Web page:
Sade Dawodu, wife of a beloved bishop, has gone missing. As investigative psychologist Philip Taiwo tries to uncover the truth, he exposes an ugly underbelly of corruption and control. In this essay, author Femi Kayode tracks his interest in the facade religion can provide back to its source.
After high school, I became swept away with the born-again pandemic that hit its peak in the early ’90s in Nigeria. I bought into it all: the rousing choir, the flamboyant pastors, the speaking in tongues and the hug-your-neighbor-and-tell-them-Jesus-loves-them. Because I am a closet voyeur, I attended only the Pentecostal churches that had large congregations. I would remain on the edge of the crowd, close enough to give the illusion of participating, but still distant enough to observe.
I loved the pastors; always smartly dressed, and almost certainly with an American accent. They are almost always men, with equally flamboyant wives who were seated to the side of the altar, piously urging their husbands to “Preach it!” The sermons could make even the most confident stand-up comedian surrender their crown; wry humor met with deep insights sprinkled with what I considered an uncommon understanding of the human condition.
My wife was raised Catholic. Since one of our shared philosophies is “A family that prays together, stays together”—quaint, right?—and we were all so joyfully (now, we would say ignorantly) patriarchal, she started accompanying me to my church, which held services in a music hall on Lagos Island.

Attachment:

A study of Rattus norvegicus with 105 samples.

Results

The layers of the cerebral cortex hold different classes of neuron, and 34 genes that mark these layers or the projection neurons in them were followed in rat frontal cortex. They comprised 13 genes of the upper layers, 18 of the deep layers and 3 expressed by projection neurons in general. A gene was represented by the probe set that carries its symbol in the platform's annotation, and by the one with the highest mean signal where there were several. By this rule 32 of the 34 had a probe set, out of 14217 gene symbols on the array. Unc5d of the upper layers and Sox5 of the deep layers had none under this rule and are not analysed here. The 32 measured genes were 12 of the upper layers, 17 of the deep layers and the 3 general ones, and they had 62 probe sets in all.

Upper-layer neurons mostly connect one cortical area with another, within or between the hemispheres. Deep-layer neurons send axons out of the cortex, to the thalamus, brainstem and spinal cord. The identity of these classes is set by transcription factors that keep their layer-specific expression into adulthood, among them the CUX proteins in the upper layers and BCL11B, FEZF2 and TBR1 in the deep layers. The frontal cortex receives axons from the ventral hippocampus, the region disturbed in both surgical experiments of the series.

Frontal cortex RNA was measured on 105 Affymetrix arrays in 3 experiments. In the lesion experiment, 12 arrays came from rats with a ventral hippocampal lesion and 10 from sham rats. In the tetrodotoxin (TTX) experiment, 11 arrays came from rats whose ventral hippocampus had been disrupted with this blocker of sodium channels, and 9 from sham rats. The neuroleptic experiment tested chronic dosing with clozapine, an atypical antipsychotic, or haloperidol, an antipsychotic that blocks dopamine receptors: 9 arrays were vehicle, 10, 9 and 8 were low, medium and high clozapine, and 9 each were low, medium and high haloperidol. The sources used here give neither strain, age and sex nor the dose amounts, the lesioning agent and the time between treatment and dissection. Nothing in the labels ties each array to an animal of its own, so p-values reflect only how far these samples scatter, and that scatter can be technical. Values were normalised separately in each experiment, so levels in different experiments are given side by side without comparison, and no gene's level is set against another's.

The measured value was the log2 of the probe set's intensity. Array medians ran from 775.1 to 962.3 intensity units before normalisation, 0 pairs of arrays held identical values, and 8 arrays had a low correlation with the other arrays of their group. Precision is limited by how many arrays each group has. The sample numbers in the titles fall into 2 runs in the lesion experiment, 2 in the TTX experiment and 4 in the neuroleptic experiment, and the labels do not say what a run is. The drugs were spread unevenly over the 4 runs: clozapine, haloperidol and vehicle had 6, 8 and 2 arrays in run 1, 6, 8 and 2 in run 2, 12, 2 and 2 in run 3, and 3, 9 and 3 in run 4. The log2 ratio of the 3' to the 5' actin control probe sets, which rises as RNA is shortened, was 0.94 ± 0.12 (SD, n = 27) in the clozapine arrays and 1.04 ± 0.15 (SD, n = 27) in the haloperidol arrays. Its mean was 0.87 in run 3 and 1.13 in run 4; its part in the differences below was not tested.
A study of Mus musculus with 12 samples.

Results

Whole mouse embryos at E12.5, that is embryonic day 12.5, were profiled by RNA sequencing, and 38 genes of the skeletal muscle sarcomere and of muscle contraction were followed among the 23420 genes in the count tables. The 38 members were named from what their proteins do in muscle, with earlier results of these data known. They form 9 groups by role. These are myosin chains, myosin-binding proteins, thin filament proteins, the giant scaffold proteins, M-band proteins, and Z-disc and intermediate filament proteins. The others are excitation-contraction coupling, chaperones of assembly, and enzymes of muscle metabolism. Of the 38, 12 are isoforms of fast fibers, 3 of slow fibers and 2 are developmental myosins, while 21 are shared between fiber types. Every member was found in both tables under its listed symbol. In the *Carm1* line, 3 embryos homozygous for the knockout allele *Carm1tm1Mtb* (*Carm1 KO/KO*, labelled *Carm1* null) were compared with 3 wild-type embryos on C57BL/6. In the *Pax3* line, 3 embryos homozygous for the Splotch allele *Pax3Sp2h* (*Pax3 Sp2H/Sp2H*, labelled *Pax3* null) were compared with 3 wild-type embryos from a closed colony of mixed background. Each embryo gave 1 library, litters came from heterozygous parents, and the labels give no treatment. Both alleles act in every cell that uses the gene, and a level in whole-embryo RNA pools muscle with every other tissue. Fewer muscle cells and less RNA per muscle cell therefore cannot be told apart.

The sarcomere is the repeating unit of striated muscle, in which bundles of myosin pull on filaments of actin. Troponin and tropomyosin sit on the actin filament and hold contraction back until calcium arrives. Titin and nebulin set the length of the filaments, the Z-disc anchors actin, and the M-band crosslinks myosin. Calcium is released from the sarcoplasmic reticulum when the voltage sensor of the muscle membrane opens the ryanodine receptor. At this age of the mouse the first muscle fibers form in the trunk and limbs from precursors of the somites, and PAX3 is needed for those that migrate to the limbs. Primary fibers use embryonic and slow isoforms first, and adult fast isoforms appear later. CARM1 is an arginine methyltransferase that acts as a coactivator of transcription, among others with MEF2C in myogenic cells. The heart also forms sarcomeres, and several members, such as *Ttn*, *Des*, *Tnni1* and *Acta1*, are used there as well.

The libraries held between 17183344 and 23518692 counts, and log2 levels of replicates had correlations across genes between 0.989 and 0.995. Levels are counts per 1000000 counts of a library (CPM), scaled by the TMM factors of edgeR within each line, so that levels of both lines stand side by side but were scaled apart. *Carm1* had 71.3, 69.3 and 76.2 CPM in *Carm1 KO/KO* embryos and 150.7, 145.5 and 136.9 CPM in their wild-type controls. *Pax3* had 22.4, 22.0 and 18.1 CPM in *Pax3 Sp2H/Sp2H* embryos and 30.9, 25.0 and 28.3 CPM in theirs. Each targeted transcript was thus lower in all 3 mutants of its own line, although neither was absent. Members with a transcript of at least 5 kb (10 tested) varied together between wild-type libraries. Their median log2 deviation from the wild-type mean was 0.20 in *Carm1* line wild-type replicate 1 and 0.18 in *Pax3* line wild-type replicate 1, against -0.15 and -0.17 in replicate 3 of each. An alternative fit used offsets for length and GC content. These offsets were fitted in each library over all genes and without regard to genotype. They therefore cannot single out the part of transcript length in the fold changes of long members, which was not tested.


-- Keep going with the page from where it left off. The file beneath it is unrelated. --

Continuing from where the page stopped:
On this particular Sunday, the pastor came on stage, an energetic GQ cover model. The choir, resplendent in their robes, walked solemnly behind him. Absolute silence. The lights dimmed, and a spotlight fell on the pastor. Boom! The backtrack of Kirk Franklin’s “Stomp” came on, and the pastor began to rap! The whole church stood up, dancing.
The music ended. The pastor was sweating, breathing hard. The congregation high-fived each other. The choir looked like the Sound of Blackness when they were handed a Grammy. Amid the thunderous applause, I shouted into my wife’s ear. “Did you like it?” She answered, eyes alive with happiness and devoid of judgment, “It was a wonderful performance.”
That honest response has stayed with me for the 20 years since it was spoken. Performance. Through several church attendances, across the different countries we have called home in the past two decades, I could never shake that word from the edge of my consciousness. Performance. The stage replaced the altar. The lights meant to create a celestial atmosphere became props. The congregation on high alert, an audience primed for the main event. The price of entry was in the offering box. Action!
As this transformation unfolded in the theater of my mind, the writer in me pondered: What was going on backstage? Do the pastors wear makeup? (I have since confirmed that many do.) Do they throw tantrums like petulant divas? Yes, indeed. These questions and many more kept me awake when sermons lost meaning, choirs became sound effects and I grew too jaded to put my faith in the word of man. The sameness grated on me, like I was stuck in the reruns of a blaxploitation TV series. The recycled plot prompted my mind to travel behind the curtains, and I started seeking answers outside the script playing out in front of me.
Gaslight chronicles my journey behind the performance. It is a diary of my evolving faith. A journal of my steadfast belief that no matter how great the act, man is not God.
Photo of Femi Kayode by Nicholas Louw.